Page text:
New York-based late-night shows to suspend live audience tapings over coronavirus threat

"The Tonight Show with Jimmy Fallon" is one of several New York-based late-night shows to suspend live audience tapings amid the coronavirus pandemic, in accordance with the recommendation of New York City officials. Pictured: Dancer Charli D'Amelio, left, during an interview with Fallon on Tuesday.
(Andrew Lipovsky / NBC)

Late night is going to be a little quieter very soon.

In a coordinated move announced Wednesday, late-night shows produced out of New York City announced they would soon begin taping without live, in-studio audiences out of concerns over the spread of the coronavirus.

The TBS program “Full Frontal With Samantha Bee,” which tapes once a week, will be the first to suspend in-studio audiences beginning Wednesday evening. It will be followed by HBO’s John Oliver-hosted “Last Week Tonight,” which will tape without an audience Sunday.

Beginning Monday, “The Late Show With Stephen Colbert,” “The Tonight Show Starring Jimmy Fallon,” “Late Night With Seth Meyers” and “The Daily Show,” which all air multiple times a week, will forgo audiences. Bravo’s “Watch What Happens Live With Andy Cohen” will also cease taping before a live audience until further notice, according to a separate statement from a network spokesperson. Fox News also said it would suspend the live audience for its late-night program “The Greg Gutfeld Show,” which airs weekly, beginning Saturday.


The decision was reached after ongoing conversations between producers of the shows and in an effort to halt transmission of the novel coronavirus, which on Wednesday was designated a pandemic by the World Health Organization. As of Wednesday, New York state had more than 200 confirmed cases of the coronavirus. New York City had 48 confirmed cases and nearby Westchester County had 121.

In its announcement, CBS noted that there were no developments at the Ed Sullivan Theater, where “The Late Show” is taped, to cause concern for anyone who has attended the show in recent weeks or plan to attend the remainder of this week. Likewise, Comedy Central said, “There have been no developments at ‘The Daily Show’s’ studio to cause concern for audience members.”

The moratorium extended to NBC’s “Today” and “Today With Hoda & Jenna & Friends” morning programs, which will suspend live audiences beginning Thursday.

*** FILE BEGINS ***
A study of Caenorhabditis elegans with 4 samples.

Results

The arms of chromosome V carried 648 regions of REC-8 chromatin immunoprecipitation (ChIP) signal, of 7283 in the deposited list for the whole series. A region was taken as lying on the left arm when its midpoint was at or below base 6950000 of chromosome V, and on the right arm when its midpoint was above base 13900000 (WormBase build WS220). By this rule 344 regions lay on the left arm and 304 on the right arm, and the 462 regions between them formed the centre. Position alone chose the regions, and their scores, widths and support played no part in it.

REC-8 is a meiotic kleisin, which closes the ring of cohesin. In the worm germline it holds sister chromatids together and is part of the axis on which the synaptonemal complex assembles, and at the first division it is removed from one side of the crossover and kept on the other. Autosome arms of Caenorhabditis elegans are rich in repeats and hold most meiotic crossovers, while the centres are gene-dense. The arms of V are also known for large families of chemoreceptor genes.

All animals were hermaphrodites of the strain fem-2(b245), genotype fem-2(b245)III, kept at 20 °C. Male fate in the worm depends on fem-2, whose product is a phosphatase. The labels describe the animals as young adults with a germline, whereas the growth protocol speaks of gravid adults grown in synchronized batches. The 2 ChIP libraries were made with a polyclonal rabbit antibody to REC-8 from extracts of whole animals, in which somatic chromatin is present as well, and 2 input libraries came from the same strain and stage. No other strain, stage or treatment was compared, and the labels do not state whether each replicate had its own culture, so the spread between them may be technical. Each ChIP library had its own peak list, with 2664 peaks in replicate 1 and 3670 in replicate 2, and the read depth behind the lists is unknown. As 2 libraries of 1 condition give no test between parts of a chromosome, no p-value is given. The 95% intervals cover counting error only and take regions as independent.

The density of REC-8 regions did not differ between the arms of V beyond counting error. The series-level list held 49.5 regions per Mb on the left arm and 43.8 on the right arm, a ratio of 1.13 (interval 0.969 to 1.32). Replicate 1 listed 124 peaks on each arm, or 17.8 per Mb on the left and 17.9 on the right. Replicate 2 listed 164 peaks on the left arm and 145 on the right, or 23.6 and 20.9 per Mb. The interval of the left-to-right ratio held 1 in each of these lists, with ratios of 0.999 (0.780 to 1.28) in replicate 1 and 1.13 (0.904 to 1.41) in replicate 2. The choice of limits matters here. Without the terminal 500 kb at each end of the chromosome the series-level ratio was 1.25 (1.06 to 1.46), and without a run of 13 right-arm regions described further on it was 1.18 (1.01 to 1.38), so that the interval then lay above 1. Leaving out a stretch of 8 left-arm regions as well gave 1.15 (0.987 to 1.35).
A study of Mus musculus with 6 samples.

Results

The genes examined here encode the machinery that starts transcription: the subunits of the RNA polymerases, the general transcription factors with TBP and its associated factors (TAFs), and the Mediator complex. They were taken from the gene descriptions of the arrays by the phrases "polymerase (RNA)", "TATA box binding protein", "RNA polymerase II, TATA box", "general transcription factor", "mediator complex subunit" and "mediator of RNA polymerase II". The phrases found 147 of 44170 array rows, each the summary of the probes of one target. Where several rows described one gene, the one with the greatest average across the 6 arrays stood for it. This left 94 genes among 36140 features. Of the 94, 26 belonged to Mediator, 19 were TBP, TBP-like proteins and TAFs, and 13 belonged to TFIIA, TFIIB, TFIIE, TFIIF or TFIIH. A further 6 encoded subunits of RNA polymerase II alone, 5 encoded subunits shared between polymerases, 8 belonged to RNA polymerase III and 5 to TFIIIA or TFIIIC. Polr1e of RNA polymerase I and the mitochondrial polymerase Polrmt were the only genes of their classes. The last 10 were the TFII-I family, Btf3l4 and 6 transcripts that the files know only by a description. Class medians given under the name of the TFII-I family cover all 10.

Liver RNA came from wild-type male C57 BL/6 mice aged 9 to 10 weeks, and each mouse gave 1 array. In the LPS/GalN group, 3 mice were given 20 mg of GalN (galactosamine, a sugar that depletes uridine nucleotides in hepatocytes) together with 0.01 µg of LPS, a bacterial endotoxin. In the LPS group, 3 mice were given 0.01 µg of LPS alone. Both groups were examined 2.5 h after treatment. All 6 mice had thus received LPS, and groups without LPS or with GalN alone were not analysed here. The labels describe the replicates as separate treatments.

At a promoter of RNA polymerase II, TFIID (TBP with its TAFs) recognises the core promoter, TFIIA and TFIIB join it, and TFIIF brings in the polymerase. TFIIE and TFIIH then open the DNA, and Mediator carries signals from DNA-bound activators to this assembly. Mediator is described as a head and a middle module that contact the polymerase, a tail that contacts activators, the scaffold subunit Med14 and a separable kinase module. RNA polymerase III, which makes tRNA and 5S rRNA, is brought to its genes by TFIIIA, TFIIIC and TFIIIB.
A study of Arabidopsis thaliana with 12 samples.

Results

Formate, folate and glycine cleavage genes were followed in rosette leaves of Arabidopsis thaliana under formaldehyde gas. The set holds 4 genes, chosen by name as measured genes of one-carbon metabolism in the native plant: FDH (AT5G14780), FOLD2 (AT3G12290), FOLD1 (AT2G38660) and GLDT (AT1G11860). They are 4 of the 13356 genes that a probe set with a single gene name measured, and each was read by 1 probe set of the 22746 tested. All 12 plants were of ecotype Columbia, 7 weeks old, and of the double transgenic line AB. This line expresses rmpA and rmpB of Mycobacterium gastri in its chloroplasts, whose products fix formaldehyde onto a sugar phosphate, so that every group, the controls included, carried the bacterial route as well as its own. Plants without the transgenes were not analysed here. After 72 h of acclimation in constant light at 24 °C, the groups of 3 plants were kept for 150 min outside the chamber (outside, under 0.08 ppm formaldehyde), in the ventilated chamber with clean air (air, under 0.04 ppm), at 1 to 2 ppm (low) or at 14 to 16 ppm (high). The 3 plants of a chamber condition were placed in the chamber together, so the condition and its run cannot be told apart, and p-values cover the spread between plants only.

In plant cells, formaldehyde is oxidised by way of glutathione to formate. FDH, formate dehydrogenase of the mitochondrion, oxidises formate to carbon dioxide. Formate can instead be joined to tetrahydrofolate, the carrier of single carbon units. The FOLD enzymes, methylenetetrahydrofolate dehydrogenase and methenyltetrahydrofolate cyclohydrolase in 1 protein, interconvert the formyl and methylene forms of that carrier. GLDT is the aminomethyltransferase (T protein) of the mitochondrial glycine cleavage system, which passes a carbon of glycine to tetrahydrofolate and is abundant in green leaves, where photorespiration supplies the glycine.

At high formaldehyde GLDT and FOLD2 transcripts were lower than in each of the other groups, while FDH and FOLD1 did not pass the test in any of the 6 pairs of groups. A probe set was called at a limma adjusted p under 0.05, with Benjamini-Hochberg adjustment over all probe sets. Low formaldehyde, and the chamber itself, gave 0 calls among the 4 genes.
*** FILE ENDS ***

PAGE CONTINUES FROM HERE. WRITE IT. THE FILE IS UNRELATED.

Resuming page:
The coordinated effort follows a similar move by Walt Disney Television with its daytime offerings. “The View,” “Live With Kelly and Ryan,” and “The Tamron Hall Show,” all taped without a studio audience on Wednesday — and will proceed as such until further notice — due to increasing concerns surrounding the coronavirus.

“Live” hosts Ryan Seacrest and Kelly Ripa addressed the decision at the top of Wednesday’s show. “As you can see, things are a little different here today, given the developing situation in New York with the coronavirus,” Seacrest said, with a wide shot revealing a mostly empty set. “The decision was made to suspend audiences from our show.”

Series without live studio audiences have also been affected, with CBS reality competitions “The Amazing Race” and “Survivor” changing their production schedules amid the virus’ spread. The outbreak had already prompted a number of postponements or cancellations of entertainment events with large gatherings in recent days, including Coachella and SXSW.

The Centers for Disease Control’s current guidance encourages organizers of large gatherings to take steps to prepare for the possibility of community outbreaks, including but not limited to postponing or canceling said events. Late-night talk show tapings range from a few dozen to several hundred audience members.

This is not the first time New York’s late-night shows have taped without a live audience: Both “The Late Show With David Letterman” and “Late Night With Jimmy Fallon” did so during Hurricane Sandy in 2012.